Discovering Careers to Enact Social Change

The career you choose has a tremendous impact on your life. Your job is likely to affect every aspect of your day-to-day existence. This applies to not only material things, like the car you drive or home you live in, but also to your overall sense of well-being and happiness. It is for this reason that many look for career paths that allow them to make a difference in the world. When you think of careers in social change, jobs like social worker and politician may come to mind. But in reality, almost any job can be a vehicle to enact positive social change. You just have to know how to look for the opportunity to make those changes.

 

Consider Your Strengths

What are you good at? What makes you happy? Think about your strengths in terms of academics, as well as your personality and character assets. If math and science are your favorite subjects, perhaps a career in medicine or scientific research would be a good place to start. If you get squeamish at the sight of blood and needles make you queasy, you probably aren’t destined for a career in direct medical practice. However, that doesn’t mean you should rule out the medical field entirely. A career counselor at your local college or job center is a good resource to help you explore some careers.

 

Personal Convictions Matter

In order to find a job that suits you, you’ll need to examine your beliefs. What are you passionate about? What issues and philosophies are you opposed to? Working toward social change means working to change the opinions of people or the policies of a society. You need to have a good sense of yourself and your views in order to find a career that’s a good fit for you. A disconnect between actions and personal convictions leads to being unhappy in your work, which will spill over into the rest of your life.

 

Where Do You Stand?

Another aspect of work that’s important to consider is whether or not you see yourself as a leader. Assess your personality. Do you love to shine in the spotlight or would you rather help out in the background? This self-knowledge will better direct you toward the type of career that will ultimately lead to contentment. Be honest with yourself. If you’re an introvert, you can still make a difference, just as there’s no shame in enjoying the limelight. It is important to know your preference.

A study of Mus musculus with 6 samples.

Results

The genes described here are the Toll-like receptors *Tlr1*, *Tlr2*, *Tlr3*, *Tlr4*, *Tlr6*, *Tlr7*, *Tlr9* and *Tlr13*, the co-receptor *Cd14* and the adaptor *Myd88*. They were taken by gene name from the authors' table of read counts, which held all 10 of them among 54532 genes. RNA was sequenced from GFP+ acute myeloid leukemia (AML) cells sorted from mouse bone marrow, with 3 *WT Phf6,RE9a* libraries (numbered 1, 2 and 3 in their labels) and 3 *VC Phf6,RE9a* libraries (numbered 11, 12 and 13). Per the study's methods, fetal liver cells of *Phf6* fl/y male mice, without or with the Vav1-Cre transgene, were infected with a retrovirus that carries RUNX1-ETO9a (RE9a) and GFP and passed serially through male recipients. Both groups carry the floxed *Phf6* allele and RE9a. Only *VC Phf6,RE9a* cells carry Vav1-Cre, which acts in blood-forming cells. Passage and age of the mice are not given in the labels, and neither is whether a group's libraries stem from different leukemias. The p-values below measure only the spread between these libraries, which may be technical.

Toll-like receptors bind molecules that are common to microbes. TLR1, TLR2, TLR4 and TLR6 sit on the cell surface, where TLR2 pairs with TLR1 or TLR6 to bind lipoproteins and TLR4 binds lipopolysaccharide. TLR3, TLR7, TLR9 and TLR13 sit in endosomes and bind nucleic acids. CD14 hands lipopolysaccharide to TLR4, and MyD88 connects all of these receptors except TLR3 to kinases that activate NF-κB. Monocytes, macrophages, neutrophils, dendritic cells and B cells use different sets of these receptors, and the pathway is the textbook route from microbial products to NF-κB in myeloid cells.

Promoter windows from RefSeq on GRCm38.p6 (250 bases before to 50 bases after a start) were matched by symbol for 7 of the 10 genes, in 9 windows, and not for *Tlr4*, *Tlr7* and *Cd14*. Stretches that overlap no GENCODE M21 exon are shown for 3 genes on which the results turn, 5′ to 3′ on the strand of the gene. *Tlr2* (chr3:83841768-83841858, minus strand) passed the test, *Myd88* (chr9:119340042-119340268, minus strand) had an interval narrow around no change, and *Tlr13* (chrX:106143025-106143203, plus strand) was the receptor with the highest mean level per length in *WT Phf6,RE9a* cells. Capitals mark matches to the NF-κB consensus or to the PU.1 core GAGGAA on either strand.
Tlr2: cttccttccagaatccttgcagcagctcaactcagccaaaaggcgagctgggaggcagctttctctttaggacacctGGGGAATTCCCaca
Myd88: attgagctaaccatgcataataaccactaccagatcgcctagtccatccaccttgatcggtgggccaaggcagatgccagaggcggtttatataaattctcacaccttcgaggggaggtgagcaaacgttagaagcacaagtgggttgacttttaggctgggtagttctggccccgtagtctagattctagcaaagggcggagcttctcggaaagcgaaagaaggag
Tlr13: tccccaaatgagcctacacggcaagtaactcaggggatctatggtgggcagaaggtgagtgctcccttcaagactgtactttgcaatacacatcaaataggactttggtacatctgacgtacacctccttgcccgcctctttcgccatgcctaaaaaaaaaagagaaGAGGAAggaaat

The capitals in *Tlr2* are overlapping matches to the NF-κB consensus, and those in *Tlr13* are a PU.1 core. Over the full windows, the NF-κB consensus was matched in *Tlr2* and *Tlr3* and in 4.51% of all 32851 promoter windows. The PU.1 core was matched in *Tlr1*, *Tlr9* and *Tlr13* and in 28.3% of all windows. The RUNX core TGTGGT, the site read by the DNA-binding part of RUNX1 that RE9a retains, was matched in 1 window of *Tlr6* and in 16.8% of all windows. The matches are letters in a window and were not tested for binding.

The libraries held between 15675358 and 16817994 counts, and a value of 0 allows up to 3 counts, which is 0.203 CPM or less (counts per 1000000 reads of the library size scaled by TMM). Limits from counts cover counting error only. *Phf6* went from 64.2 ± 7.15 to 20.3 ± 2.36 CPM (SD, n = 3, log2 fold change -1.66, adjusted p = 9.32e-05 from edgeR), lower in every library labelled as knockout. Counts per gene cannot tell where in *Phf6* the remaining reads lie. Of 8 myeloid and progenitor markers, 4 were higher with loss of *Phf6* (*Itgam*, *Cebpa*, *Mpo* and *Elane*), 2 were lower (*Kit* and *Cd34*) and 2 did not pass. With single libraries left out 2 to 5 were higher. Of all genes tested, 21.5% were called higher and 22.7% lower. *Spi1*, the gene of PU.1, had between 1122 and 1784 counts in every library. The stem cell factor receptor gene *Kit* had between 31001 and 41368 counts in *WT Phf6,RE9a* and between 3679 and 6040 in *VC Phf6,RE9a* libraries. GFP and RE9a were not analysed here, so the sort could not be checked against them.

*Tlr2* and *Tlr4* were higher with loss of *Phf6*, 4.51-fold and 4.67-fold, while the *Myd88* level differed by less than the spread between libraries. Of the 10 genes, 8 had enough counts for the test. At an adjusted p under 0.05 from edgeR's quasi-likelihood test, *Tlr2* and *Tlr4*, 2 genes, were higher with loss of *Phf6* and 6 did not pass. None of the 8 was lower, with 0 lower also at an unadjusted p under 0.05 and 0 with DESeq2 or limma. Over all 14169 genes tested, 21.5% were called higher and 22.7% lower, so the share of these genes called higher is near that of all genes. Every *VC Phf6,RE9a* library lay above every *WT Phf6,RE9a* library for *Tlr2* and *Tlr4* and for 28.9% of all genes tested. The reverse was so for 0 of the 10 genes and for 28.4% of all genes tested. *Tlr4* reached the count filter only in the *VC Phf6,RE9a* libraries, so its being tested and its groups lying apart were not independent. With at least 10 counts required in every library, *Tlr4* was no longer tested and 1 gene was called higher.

Finding Your Calling

Now that you’ve given these matters some thought, you probably want to know where to go from here. While not all jobs for social change require a college degree, many do. At the very least, some experience, along with some specific qualities, will be necessary. There are a number of resources to help you on your way to attaining a career that makes a difference. Here are just a few:

 

Online Resources

  • Idealist.org – This site provides a large listing of jobs in the social arena, as well as lists of foundations and organizations. You’ll also find resources on volunteer opportunities and internships, as well as programs broken down by category and geographic location.
  • Opportunity Knocks – Opportunity Knocks is an online job site geared toward nonprofits. They offer a job search center as well as an area for job seekers to post their resumes. You’ll also find resources on topics related to the nonprofit sector.
  • Jobs for Change – This is a section of the Change.org website that was developed to offer information and services to job seekers looking to make social change. There is a comprehensive career advice section with articles about everything from interview tips to rocking a career fair.  A listing of job categories will guide those interested in researching career possibilities.

 

Books

  • Good Works: A Guide to Careers in Social Change by Donna Colvin
  • 100 Jobs in Social Change by Harley Jebens
  • Making a Living While Making a Difference  by Melissa Everett
  • Careers for Good Samaritans and Other Humanitarian Types by Margaret Gisler

You can make a decent living while doing good for others. Keeping an open mind, combined with perseverance and thorough research, can lead you to a wide range of possibilities in working to make a difference.

Mary Davis writes about a variety of career help topics for Inside Career Info.